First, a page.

And while that’s been a trend in Holland for years — on the shores of Lake Macatawa and Lake Michigan — it is relatively new for the Grand Haven area, according to Dale Zahn, chief executive officer of the West Michigan Lakeshore Association of Realtors.
“It could be because of lack of inventory,” he said, “and the economy’s better.”
Zahn also noted that it takes a special buyer who has the money to buy something, tear it down and build something new.
Ferrysburg City Manager Craig Bessinger said permits were issued for 11 new single-family units in 2015 for a total value of about $2.1 million, and 12 more were issued last year for a value of about $2.9 million.
“We’re seeing redevelopment in areas of the city, especially along Spring Lake and Lake Michigan,” Bessinger said. “Some homes were seasonal or cottages. Some are being developed into permanent residences.”
Bessinger said the builds are translating into an increasing taxable value for the city.
In 2015, new home builds in Ferrysburg were in the Gables Condominiums on West Spring Lake Road (four); and one each on Dogwood Drive, North Shore Road, 168th Avenue, West Spring Lake Road and Williams Street. The last three involved knocking down existing residences and building new ones.
Last year, there were four more in the Gables; four in Roosevelt Ridge (near City Hall); and one each (all replacements) on North Shore, North Shore Estates, West Spring Lake Road and Williams.
Williams Street is in the Sunny Side neighborhood, which is northwest of the Smith’s Bayou Bridge. The streets in the neighborhood are a block long, connecting with West Spring Lake Road and Lakeview Street, which runs along Spring Lake.
During the past few years, several homes or cottages in the former resort neighborhood have been remodeled or torn down and rebuilt. Two or three of them, so far, will be on the 2017 permit list. Some of them are on the lake and some are not.
Most of the rebuilds in the neighborhood are associated with a boat lot on Spring Lake.
Tim and Julie Kuyt are part of that group of residents seeking a resort-type neighborhood with a family-friendly vibe. They bought and tore down a house on Williams Street before building a two-bedroom home in which they plan to stay for the rest of their lives.
“We’ve been pursuing this area for almost 20 years,” Tim said. “We tried to get that house across the street 20 years ago.”
“That house” — at the corner of Williams and Lakeview — was a cottage that sat empty for many years before the Kuyts were able to come up with an amount agreeable to the owners.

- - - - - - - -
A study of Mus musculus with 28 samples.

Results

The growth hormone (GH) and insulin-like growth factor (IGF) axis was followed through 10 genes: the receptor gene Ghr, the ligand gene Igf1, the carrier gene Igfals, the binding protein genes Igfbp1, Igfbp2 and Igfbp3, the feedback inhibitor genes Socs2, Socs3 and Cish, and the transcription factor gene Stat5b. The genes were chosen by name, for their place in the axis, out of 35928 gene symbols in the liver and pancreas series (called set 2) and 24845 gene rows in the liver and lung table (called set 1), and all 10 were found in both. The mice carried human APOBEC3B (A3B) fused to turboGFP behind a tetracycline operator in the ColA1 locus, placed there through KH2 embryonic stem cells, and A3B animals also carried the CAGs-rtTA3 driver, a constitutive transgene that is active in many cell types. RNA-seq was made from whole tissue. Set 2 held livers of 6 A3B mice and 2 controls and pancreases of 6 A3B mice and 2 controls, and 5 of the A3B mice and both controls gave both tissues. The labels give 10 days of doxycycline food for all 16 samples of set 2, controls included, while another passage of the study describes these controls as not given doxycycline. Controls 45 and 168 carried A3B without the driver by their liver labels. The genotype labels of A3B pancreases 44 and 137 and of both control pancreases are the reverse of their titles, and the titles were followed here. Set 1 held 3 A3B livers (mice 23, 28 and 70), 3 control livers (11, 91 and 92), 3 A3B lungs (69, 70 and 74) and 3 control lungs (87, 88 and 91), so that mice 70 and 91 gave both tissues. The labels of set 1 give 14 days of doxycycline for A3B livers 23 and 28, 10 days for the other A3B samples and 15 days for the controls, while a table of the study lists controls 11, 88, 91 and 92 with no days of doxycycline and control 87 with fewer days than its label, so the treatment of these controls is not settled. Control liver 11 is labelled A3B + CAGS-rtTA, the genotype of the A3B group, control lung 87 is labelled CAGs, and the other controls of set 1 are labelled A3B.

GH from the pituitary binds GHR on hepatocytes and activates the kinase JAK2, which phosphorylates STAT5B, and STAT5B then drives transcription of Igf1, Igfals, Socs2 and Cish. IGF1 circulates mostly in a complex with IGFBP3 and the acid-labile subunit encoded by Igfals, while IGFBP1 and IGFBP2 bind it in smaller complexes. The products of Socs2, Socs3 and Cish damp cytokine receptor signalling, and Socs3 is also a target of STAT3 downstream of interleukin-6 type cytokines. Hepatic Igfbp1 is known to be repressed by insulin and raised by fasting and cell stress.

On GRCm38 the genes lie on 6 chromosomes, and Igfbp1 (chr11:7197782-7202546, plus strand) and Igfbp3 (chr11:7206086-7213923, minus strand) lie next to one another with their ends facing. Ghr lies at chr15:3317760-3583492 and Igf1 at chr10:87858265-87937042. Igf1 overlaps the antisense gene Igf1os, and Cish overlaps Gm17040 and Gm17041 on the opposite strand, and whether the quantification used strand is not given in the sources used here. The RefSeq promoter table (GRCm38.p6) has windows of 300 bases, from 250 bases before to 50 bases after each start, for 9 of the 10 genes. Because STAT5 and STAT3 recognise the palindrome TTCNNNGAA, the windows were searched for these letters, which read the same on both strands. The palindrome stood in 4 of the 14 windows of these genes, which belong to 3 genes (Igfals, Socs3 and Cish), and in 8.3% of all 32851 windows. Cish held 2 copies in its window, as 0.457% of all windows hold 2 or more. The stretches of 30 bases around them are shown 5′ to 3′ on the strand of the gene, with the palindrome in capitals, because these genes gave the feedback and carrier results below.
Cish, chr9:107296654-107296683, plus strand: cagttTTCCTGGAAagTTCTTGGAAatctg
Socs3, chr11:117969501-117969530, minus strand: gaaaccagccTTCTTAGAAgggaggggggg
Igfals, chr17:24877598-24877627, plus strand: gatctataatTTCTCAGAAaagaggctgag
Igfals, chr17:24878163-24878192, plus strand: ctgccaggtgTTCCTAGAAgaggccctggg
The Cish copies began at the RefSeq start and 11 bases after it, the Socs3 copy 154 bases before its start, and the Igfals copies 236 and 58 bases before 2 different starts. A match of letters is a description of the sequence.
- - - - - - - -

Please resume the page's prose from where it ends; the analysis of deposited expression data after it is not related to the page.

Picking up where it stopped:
Plans to remodel it were not feasible because of foundation and termite damage, Julie said. So the house was torn down and a new one is under construction on the same footprint as the old one.
The original plans were to use the house for guests, but costs went high enough that they decided to sell it to their daughter and her family.
The Kuyts, who moved back from Florida to be closer to their children and grandchildren, bought a house two blocks over on Valley City. It was occupied by another daughter before she moved into her recently constructed home on West Spring Lake Road.
“We love the area,” Julie said, in a simple explanation of the attraction.
Tim noted that a lot of the houses or cottages in the area were built in the 1940s and early ‘50s, and were not built to meet today’s codes.
“People moving into the area are looking at the prospect of upgrading,” he said.
The Kuyts, as well as their daughter, have been using local builder Adam Haas on their projects. Haas said he’s been doing a lot of remodels in the past few years, but new builds are taking off, as well, especially in Ferrysburg.
“I think this neighborhood, there’s bad houses but good area,” he said. “I think more of this is going to start happening.”
Haas said he also believes more people are being drawn back to the city, and replacing old houses will start to happen more there.
In the meantime, anyone looking for an already-built home has to move fast and possibly purchase high, according to Zahn.
“Fast sales — that’s what’s going on out there right now,” he said. “Price means almost nothing.”